There is so much to write about in this war - the rockets still falling, the ceasefire agreement, the upcoming political firestorm that will make the fighting in Lebanon look tame by comparison, the American's disappointment by the results of this round of fighting, etc., etc. It is sometimes hard to pick a topic to focus on.
I am going to ignore the above topics for today and share a perspective that isn't always written about on the blogs.
I am an Orthodox Jewish woman and although I do not pray with a minyan (a group of ten adult men) on a regular basis, I do attend the synagogue on Sabbath mornings and for special occasions.
One of these "special occasions" was the evening of the Ninth of Av, when we read the book of Eicha (Lamentations) and mourn the destruction of the Temple in Jerusalem. After the reading there was a break before a scheduled woman's Torah lesson, so most of us waited in our section of the synagogue, behind the mechitza (the barrier separating between the men's and women's sections which is found in Orthodox synagogues). I noticed not too far away from me a group of women forming, and I quickly realized that they were all mothers of sons now fighting in Lebanon. I couldn't hear what they were saying, as I sat too far away, and I didn't feel it was my place to move closer just to satisfy my curiosity. But their faces spoke clearly enough. Grim, and sad, but strong nevertheless.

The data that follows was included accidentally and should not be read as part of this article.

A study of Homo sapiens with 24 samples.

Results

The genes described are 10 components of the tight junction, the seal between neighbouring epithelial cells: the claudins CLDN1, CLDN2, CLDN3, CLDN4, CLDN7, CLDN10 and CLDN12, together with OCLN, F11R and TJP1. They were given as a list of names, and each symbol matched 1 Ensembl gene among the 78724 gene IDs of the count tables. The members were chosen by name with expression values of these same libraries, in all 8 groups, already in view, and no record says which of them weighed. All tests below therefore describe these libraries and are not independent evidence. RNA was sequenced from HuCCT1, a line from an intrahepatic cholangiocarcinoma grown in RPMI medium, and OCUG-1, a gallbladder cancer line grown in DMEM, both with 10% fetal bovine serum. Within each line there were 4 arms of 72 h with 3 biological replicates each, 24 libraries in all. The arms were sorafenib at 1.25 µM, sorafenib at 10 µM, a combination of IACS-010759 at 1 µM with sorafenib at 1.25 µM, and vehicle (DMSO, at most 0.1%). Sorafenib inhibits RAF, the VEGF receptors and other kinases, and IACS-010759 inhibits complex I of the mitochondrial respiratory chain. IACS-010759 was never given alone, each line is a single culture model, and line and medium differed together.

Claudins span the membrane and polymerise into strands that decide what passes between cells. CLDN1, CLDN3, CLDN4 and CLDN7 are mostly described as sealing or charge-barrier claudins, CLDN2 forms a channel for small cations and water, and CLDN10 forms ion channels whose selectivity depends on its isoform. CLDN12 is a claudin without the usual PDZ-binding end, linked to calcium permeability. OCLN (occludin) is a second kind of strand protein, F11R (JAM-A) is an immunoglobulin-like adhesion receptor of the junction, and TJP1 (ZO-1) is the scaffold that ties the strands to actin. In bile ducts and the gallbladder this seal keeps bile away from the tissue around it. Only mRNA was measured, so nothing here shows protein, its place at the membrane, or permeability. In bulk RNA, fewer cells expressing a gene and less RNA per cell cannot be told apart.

On the following Sabbath morning I sat next to a very young woman who I recognized as one of the newer faces in our settlement. I knew that her husband was called up and serving in Lebanon - and a quick glance to my left showed me how hard it was for her. Red eyes and nose and slightly trembling fingers holding the siddur (prayer book) spoke volumes. It is forbidden to mourn on the Sabbath, but I couldn't help but sigh. It helped me focus on my prayers, though.
Yesterday I spent the Sabbath with family members in another city in Israel. At one point I noticed that someone was giving out little scraps of paper to each man in the synagogue. After the services were over I went up to my family and asked them what they were. On each scrap of paper was written a name of a soldier, Hebrew name and the Hebrew name of the mother. Each man was requested to pray and learn Torah especially in the merit of this specific soldier. It gave me pause when my nephew's scrap of paper had my son's name - both his given name and my given name.
For more information about this program, see this article on the Arutz 7 website. To participate yourself, send an e-mail to email@example.com.